There are approximately 260,000 people in New Zealand living with diabetes. Around 10% of these have type 1 diabetes, and 90% have type 2 diabetes. Approximately 50 people are diagnosed with diabetes each day in New Zealand. Alarmingly, only 1:2 people with diabetes know that they have it.
Diabetes occurs when there is too much glucose (sugar) in the blood. Over time, this can cause damage to many parts of the body if it is not well controlled. There are three main types of diabetes:
- Type 2 diabetes – most common. Type 2 diabetes is mostly seen in adults, but is now appearing in children as obesity increases. In this type, the pancreas is not working effectively.
- Type 1 diabetes – the pancreas stops producing insulin. Mostly starts in childhood and is not related to body weight.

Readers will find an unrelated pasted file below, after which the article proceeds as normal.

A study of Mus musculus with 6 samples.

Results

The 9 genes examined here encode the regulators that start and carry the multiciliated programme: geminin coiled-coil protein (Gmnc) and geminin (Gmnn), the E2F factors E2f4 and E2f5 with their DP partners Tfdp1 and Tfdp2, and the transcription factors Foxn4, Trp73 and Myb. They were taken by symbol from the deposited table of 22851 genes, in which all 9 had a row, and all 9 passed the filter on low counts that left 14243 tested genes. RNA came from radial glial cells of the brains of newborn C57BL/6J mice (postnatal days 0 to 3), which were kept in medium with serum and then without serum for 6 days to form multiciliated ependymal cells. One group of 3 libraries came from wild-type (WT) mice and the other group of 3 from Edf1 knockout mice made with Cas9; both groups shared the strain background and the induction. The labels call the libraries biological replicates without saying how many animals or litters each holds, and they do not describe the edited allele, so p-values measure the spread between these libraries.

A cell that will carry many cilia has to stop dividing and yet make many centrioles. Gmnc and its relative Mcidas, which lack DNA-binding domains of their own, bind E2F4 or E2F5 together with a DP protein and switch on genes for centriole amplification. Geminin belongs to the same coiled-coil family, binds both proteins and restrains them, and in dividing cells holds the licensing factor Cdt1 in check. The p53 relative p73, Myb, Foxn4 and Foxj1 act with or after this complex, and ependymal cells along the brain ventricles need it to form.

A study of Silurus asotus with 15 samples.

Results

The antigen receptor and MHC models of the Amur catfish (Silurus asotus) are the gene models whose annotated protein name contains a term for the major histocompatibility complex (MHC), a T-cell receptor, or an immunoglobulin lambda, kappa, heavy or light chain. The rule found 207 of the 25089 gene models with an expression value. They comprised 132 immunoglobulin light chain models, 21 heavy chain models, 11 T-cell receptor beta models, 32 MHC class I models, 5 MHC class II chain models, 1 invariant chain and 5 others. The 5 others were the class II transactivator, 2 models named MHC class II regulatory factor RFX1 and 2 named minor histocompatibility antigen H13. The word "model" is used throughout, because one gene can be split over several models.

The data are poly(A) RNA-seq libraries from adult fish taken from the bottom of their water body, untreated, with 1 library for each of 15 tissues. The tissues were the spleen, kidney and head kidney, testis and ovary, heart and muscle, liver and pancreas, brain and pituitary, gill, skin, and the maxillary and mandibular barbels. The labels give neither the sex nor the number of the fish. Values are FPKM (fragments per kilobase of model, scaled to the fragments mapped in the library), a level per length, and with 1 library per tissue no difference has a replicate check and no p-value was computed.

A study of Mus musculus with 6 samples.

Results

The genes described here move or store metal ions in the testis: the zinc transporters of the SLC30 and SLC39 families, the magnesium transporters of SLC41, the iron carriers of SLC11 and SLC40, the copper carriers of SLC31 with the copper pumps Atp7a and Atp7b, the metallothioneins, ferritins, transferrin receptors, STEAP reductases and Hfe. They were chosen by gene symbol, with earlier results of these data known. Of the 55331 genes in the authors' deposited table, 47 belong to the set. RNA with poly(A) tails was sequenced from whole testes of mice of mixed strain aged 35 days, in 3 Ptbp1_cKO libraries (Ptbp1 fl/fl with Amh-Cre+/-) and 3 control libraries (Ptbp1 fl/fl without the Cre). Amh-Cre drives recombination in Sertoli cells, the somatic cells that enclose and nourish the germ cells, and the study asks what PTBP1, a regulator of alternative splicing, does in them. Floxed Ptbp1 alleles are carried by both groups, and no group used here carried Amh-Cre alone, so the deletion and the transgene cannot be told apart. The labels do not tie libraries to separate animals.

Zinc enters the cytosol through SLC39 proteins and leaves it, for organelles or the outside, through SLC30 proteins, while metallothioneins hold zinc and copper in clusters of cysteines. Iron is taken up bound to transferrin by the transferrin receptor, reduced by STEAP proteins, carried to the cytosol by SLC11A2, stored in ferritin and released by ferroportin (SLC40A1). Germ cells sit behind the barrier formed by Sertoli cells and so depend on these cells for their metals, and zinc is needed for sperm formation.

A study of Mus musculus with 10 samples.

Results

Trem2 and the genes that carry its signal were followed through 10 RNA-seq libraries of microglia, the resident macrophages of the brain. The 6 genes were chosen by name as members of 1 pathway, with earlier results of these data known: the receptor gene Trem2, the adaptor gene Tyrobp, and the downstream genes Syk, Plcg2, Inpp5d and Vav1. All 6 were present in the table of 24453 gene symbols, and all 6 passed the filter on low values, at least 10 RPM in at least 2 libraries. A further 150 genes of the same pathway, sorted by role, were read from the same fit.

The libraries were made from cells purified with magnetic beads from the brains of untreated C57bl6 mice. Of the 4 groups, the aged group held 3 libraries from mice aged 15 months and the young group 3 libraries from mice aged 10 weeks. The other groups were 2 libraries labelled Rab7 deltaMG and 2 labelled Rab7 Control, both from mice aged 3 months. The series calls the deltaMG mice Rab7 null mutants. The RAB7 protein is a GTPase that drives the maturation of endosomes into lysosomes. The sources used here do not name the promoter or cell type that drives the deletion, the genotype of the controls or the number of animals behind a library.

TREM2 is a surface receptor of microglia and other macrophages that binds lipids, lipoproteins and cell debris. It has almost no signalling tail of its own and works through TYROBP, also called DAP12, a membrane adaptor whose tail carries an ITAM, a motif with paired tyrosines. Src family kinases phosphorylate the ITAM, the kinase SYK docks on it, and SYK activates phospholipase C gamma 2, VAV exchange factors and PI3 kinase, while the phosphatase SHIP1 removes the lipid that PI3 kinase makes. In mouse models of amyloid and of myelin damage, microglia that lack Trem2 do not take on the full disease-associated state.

- Gestational diabetes- occurs when a pregnant woman can’t produce enough insulin and therefore has high levels of glucose in her blood.
- Diabetes is common and many people do not know they have it. Check with your nurse or doctor about a screening test.
- 80% of all Type 2 diabetes is preventable if we keep to a healthy body weight, eat healthier foods and keep physically active.
- Pre-Diabetes – is a risk factor for developing diabetes, and can often be reversed by making the right lifestyle changes.
- Early treatment is important to reduce damage to your eyes, kidneys, heart, feet and brain.
- Attend a Diabetes or Pre-Diabetes information session and learn as much as you can.
What will you learn at ‘Living Well With Type 2 Diabetes’:
- The facts and myths about diabetes;
- Diabetes treatments and how to lower the risk of long-term complications;
- Understanding your numbers: glucose, blood pressure, cholesterol;
- Managing physical activity;
- Motivation and setting goals;
- Healthy eating with practical tips;
- Emotional well-being;
- What support options available and how to access them.